The holy month of Ramadan or Ramzan lasts for about a month and is characterised by devotion and piety among Muslims the world over. However, if you are non-Muslim then there are some Ramadan rules for foreigners or guidelines any non-Muslim should know when travelling to the GCC or if you work there.
These are etiquettes mostly, however in some places like Saudi Arabia, these unsaid rules may even take the form of laws which are punishable to break. The best and easiest way would be to follow these guidelines.
Ramadan Rules for Non-Muslims
- These rules are only applicable in public
- Eating, drinking and smoking is unacceptable
- Playing loud music is unacceptable
- Ensure to dress conservatively and to avoid short skirts or plunging necklines
- Public displays of affection should be avoided
Additional Ramadan Tips
- Eating indoors is fine and most home delivery options will be available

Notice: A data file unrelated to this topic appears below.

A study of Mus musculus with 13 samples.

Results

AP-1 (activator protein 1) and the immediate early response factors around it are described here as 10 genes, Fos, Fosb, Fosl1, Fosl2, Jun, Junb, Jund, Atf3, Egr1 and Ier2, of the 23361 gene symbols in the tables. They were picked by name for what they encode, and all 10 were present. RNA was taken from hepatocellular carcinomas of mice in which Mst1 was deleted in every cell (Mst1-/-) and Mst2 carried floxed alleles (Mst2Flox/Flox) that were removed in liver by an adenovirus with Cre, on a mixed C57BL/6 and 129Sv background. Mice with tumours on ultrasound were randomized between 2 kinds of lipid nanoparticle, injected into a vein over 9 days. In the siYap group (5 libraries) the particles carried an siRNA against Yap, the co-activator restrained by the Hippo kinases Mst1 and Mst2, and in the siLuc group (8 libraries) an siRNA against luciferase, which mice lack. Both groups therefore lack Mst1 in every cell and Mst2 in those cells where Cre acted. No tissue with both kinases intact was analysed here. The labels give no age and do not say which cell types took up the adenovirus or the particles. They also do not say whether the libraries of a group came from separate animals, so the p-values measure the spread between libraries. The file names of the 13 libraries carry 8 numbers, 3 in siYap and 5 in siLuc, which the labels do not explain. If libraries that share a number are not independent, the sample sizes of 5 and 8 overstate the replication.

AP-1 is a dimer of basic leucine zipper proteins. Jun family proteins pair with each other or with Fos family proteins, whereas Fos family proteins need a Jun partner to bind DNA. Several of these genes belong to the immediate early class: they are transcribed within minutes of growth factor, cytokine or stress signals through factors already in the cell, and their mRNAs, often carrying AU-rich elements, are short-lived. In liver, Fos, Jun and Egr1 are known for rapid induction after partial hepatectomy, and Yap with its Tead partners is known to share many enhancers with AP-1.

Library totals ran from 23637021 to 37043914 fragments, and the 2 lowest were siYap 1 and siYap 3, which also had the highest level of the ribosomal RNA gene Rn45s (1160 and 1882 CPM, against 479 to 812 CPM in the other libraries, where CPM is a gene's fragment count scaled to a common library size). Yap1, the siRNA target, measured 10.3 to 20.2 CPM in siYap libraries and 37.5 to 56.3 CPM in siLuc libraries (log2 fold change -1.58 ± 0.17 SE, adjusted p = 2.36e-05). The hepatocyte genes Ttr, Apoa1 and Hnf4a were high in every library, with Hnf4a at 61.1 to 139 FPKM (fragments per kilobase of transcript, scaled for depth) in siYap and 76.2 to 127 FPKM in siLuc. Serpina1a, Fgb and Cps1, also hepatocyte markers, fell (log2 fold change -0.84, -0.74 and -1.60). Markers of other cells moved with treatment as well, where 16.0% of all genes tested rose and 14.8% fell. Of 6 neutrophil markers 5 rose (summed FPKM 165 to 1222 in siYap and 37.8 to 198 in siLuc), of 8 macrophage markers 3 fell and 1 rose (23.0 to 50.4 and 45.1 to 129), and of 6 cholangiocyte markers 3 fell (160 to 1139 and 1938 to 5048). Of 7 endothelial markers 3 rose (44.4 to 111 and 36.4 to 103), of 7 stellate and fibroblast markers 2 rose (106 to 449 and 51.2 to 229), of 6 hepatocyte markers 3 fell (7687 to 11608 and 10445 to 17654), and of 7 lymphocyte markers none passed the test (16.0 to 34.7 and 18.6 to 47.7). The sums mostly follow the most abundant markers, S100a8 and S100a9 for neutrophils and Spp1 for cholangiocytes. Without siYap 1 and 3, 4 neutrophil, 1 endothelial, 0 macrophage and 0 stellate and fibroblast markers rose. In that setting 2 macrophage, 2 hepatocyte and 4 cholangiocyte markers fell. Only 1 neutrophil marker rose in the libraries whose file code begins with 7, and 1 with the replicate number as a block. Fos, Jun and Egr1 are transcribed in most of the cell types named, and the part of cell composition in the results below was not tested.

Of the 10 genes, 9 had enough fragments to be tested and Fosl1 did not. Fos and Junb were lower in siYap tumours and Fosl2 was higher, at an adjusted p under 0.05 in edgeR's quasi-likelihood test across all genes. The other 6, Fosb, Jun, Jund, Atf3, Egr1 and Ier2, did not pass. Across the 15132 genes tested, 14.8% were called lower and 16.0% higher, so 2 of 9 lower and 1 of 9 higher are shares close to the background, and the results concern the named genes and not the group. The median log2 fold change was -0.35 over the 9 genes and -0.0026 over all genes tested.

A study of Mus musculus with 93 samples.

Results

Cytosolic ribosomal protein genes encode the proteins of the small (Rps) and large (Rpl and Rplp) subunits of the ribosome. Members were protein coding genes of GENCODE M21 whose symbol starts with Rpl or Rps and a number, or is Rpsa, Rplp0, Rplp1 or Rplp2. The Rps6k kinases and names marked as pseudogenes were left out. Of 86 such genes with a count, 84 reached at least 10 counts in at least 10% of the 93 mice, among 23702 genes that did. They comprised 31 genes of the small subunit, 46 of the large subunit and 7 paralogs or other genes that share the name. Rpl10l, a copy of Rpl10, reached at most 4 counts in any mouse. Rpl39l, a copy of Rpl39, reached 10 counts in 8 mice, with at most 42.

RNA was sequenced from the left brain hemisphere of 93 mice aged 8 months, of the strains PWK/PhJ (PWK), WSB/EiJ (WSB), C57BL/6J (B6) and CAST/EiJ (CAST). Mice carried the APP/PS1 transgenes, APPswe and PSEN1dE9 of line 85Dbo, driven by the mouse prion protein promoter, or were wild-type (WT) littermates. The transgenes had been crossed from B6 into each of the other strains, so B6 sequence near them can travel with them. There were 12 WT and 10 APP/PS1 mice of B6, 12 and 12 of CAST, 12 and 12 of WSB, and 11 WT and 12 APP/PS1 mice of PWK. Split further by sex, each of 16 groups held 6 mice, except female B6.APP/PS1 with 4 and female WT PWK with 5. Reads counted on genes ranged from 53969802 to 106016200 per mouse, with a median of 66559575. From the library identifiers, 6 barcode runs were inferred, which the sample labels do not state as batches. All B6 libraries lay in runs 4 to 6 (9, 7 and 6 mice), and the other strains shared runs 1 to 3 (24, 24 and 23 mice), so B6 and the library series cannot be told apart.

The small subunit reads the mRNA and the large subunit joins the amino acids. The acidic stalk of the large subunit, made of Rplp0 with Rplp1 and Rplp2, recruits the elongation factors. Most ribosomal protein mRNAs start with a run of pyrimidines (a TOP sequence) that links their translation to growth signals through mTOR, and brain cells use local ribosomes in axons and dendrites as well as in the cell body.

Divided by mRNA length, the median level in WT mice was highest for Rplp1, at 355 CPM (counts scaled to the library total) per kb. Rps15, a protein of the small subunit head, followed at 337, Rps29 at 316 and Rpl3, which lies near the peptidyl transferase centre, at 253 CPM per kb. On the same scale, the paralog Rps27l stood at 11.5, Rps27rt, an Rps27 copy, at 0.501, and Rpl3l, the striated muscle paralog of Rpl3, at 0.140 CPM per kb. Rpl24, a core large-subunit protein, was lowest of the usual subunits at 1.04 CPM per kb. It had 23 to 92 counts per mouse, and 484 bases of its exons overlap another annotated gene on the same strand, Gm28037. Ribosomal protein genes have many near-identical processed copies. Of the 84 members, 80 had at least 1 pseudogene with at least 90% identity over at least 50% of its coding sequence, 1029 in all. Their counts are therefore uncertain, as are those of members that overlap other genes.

- However, stocking up can save you from any inconvenience later
- Eating while travelling is also acceptable so airports should be fine
- Rules of fasting do not apply to children, elderly or the pregnant
- Plan your travel to avoid the evening rush hours of Iftar
- It is acceptable to accept Iftar invites, though don’t turn up empty handed!
- Be sensitive to the needs of your Muslim colleagues/friends
So, we’ll explain a little about Ramadan before we speak in detail through these rules, and what the reasons are for these rules.
What is Ramadan?
Ramadan is one of the holiest times of the Islamic world. It is obligatory for Muslims to fast and there are certain Ramadan rules for foreigners which is considered good manner or part of the law, depending on which Islamic Nation you are in. It is a time of prayer and piety.
When is Ramadan?
Ramadan 2018 will begin on the evening of Tuesday 15 May and end on Thursday 14 June (evening) with the celebration of Eid al-Fitr. These dates may vary based on the glimpsing of the new moon which is the day Ramadan begins and ends.
How can I not cause offence?
Simply put, by thinking before acting, especially in public and being a little sensitive, honestly, that’s all. Ramadan is meant to be a holy time meant for fasting and pray. So, the polite thing to do would be to not eat in front of someone who is fasting and to maintain the decorum of the month throughout. You should try to follow these Ramadan rules for foreigners at least in public.